Norwegian minister advocates cooperation with Russia in Arctic energy projects
Norwegian Oil and Energy Minister Odd Roger Enoksen told a seminar on the future of the Arctic that Norway should develop plans to tap Arctic oil and gas resources jointly with Russia, even though Moscow rejected its companies for work on the massive Shtokman gas project.
As MosNews has reported last year, Russia’s state-controlled gas monopoly Gazprom turned down bids from Norway’s Statoi and Norsk Hydro, along with France’s Total and U.S. companies Chevron and ConocoPhillips, to help develop the Shtokman field in the Barents Sea, which has enough gas to supply the world for a year.
“For some, the story of cooperation with Russia ended with its decision in October last year to develop the Shtokman field without foreign participation,” Enoksen was quoted by Reuters as telling a seminar, which took place on Monday, Jan. 22. “This shows, in my opinion, a lack of perspective. It is in both countries interest to develop an ever closer cooperation to ensure sustainable management of the natural resources in the Barents Sea,” he said.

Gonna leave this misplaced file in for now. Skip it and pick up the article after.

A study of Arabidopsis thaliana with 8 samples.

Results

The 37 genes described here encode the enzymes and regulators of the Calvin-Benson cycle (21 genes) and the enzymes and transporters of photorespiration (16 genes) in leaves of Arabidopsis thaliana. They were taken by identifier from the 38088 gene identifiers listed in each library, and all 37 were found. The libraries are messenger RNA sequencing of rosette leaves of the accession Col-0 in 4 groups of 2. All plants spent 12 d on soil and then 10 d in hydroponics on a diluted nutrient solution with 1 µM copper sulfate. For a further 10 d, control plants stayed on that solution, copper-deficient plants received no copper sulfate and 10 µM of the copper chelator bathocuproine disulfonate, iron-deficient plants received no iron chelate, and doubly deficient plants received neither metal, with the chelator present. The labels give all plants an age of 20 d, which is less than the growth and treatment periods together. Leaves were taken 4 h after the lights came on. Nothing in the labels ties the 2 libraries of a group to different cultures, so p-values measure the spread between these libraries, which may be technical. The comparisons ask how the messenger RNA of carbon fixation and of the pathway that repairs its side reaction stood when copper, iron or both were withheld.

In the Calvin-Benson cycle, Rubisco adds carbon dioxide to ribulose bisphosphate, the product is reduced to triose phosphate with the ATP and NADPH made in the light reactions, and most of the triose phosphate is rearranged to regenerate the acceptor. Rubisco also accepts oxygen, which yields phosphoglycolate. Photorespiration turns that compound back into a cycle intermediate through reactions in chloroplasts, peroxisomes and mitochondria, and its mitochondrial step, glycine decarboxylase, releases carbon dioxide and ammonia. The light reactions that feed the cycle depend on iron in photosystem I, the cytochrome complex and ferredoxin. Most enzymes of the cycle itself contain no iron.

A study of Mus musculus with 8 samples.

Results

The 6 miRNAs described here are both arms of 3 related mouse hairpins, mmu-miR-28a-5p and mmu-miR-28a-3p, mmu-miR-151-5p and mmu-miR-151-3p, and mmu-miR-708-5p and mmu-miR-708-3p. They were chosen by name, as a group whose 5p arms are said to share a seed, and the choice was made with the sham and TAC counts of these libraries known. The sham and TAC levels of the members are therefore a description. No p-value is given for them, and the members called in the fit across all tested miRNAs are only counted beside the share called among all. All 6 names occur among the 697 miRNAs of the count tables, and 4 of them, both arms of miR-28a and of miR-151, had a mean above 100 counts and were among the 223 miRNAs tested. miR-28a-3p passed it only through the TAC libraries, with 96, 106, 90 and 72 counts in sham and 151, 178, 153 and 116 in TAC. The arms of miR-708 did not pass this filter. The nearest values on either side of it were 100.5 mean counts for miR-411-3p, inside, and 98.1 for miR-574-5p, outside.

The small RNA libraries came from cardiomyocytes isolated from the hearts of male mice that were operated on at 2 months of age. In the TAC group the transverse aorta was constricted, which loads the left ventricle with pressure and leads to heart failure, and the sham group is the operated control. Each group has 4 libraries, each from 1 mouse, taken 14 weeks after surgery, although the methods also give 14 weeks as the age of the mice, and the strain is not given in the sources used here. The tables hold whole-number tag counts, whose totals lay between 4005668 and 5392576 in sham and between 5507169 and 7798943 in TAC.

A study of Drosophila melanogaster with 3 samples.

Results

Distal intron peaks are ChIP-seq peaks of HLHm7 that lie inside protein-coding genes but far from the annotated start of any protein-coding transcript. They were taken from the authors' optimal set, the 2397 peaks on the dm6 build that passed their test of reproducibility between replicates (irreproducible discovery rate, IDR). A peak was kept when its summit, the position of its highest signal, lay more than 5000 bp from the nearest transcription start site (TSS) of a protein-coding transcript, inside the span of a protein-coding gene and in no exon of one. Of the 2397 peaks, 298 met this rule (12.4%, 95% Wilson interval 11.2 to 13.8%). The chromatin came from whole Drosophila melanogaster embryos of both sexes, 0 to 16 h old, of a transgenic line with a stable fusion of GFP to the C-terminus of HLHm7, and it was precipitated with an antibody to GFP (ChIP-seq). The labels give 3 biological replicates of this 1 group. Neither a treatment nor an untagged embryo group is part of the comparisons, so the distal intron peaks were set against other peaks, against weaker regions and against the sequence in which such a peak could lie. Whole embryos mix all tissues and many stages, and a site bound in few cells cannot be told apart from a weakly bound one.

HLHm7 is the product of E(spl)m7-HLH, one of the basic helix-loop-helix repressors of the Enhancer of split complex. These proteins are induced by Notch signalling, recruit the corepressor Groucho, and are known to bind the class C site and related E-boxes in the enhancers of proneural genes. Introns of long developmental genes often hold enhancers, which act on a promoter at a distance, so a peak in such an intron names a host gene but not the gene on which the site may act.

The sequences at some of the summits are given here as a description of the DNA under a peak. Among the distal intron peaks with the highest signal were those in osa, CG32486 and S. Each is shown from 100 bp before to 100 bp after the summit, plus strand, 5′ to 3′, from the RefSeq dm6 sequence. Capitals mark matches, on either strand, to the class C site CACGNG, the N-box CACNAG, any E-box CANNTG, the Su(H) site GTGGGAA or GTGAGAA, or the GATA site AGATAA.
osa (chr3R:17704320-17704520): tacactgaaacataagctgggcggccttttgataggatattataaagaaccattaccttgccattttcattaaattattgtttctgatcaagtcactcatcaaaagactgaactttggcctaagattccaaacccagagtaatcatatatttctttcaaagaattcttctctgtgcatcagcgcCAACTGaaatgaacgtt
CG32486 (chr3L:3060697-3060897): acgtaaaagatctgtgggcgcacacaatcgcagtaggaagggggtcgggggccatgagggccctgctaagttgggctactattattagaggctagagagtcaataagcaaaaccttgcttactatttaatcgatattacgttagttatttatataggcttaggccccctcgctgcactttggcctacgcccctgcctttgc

Analysts say that Gazprom’s decision to snub the contenders effectively delayed Shtokman’s start-up for years since Norwegians will now be reluctant to provide breakthrough technology only they have. It also derailed hopes for a quick solution to bilateral issues ranging from access to various parts of the Arctic to shipping and uniform environmental protection standards.
Studies show that a quarter of the world’s undiscovered oil and gas deposits could be in the Arctic, with new drilling technology and receding ice cover making access easier.
As oil-rich nations tighten their grip over petroleum resources, the far north is also proving to be one of the few places where large oil companies can tap new resources.
“Our business is changing, access to known resources continues to diminish while competition intensifies,” said Don Wallete, President of ConocoPhillips in Russia. He said international oil companies had access to 70 percent of the Arctic’s known resources and pointed to new interesting areas in waters north of Canada, Russia, the Barents Sea as well as off Greenland’s east coast.
Drilling in the Arctic has been criticized by environmental groups which say the far north is more vulnerable than other areas to spills and should be protected.
The legal rights to a large swathe of the Barents Sea and the Arctic Ocean in general are also unclear, as Norway and Russia have failed to agree sea borders for decades.
This debate will only intensify, say environmentalists, as the Arctic ice cover vanishes completely during the summer, opening the region to shipping and possibly further exploration.
“When this new ocean appears, some models say in 50 years, others in 80 years...then we will see a very different level of activity, political interest and number of stakeholders in what we have considered as our own backyard,” said Rasmus Hansson, chief of the World Wildlife Fund Norway, who was also interviewed by Reuters.